Monday, March 24, 2014

Move, move, move

Without our link to Len Lye it's hard to imagine that Wellington would have commissioned a bunch of kinetic sculptures. Auckland was a step ahead with Michio Ihara’s Wind Tree produced for the Auckland International Sculpture Symposium in 1971 and now installed in Auckland’s Wynyard Quarter. Ten years later they also purchased George Rickey’s Double-L Excentric Gyratory to coincide with Andrew Bogle’s exhibition Chance and Change. Today it's installed alongside the Gallery.

Commissioning kinetic sculpture is one thing though, and looking after them is something else entirely as Wellington is discovering. Leon Van Den Eijkel Urban forest has only rarely spun on all cylinders, Phil Dadson’s Akau Tangi is often a few spinners down and even though it's up and running again after a long break, Len Lye’s Water Whirler only gives out the ghost of its intended performance.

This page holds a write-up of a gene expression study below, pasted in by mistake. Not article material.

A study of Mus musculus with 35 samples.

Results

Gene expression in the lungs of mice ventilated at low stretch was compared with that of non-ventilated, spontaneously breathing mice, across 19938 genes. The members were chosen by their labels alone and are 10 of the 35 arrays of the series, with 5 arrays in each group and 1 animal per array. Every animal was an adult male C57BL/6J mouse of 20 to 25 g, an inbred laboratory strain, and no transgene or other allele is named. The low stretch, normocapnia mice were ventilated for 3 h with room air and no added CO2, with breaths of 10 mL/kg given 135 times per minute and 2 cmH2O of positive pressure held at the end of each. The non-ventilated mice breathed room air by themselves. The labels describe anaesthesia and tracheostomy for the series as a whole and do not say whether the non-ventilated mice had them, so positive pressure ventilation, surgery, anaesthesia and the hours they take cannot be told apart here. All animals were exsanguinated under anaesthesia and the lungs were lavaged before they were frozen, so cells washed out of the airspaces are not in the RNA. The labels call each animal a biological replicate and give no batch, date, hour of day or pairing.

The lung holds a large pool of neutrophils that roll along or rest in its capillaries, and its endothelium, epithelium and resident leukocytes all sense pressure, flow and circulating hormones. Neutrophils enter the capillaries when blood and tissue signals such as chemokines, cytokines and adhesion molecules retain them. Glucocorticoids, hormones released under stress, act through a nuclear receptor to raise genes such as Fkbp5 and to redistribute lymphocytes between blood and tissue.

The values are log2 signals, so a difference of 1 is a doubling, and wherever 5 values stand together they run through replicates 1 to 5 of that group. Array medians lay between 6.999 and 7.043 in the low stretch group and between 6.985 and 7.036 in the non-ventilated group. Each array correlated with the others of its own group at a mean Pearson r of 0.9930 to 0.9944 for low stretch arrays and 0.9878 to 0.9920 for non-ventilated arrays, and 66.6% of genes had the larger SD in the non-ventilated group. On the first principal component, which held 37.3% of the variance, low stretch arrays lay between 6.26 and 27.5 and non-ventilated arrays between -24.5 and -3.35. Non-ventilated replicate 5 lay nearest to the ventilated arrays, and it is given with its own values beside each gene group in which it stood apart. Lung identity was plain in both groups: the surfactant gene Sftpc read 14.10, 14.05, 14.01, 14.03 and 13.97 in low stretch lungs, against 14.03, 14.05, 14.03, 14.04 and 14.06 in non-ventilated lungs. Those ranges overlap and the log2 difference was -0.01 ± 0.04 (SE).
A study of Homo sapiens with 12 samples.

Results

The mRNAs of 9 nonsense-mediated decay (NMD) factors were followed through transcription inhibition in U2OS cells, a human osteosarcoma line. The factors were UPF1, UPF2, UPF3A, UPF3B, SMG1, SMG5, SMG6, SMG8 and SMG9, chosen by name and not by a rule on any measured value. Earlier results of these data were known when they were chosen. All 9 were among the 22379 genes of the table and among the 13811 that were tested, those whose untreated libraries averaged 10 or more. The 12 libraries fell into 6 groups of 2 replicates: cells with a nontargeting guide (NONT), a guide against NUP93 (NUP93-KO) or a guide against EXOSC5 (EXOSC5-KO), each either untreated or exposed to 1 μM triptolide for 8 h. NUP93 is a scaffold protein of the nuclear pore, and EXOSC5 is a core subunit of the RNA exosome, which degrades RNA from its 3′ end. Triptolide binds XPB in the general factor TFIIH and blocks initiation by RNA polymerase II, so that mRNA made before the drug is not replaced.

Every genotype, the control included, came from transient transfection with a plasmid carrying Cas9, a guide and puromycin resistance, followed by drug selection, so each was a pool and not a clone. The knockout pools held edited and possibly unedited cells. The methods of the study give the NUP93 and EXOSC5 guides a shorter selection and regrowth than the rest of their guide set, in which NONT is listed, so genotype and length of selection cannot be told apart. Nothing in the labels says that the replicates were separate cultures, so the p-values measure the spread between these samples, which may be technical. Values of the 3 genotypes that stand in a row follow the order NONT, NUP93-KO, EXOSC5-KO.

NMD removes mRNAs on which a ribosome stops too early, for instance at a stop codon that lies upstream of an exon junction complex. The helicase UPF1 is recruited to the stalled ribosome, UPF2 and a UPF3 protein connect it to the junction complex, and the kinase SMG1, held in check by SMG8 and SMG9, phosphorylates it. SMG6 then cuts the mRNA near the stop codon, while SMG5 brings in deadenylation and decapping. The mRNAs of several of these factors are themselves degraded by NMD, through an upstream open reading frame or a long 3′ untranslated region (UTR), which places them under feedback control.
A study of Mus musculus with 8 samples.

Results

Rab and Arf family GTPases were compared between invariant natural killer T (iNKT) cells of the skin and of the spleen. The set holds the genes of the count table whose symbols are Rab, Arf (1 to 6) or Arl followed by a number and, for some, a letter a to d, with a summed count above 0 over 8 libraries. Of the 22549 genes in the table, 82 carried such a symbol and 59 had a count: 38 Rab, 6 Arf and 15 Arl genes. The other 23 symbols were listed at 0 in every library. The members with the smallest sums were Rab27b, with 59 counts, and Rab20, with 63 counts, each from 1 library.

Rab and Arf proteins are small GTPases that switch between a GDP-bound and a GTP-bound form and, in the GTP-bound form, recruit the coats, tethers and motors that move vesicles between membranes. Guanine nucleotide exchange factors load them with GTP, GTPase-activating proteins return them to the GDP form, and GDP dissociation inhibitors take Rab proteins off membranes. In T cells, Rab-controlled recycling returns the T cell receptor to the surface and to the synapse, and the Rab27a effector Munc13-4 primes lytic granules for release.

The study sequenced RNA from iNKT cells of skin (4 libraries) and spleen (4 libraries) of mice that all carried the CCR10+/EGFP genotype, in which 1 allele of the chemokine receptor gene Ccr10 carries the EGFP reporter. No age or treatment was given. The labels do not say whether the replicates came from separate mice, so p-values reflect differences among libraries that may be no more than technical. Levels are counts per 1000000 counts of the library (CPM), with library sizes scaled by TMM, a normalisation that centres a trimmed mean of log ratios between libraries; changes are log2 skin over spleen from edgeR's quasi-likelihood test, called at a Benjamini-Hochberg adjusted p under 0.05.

Now one of the most successful (kinetically speaking) of Wellington's sculptures, Phil Price's Zephyrometer, has been dismantled for maintenance. Peering at the housing laid out on the ground though it looks as if the strain on the base has ripped at the sculpture’s skin. Who knows how long it will be down but the problem appears a little more serious than a quick clean and oil job.

Soon New Plymouth will have a whole museum devoted to kinetic sculpture with its Len Lye Centre. Kinetic sculpture in NZ has become a movement.

Images: top, Zephyrometer laid out for repair. Middle, damage to the housing and bottom, in case you have never seen the point of Zephyrometer, here it is.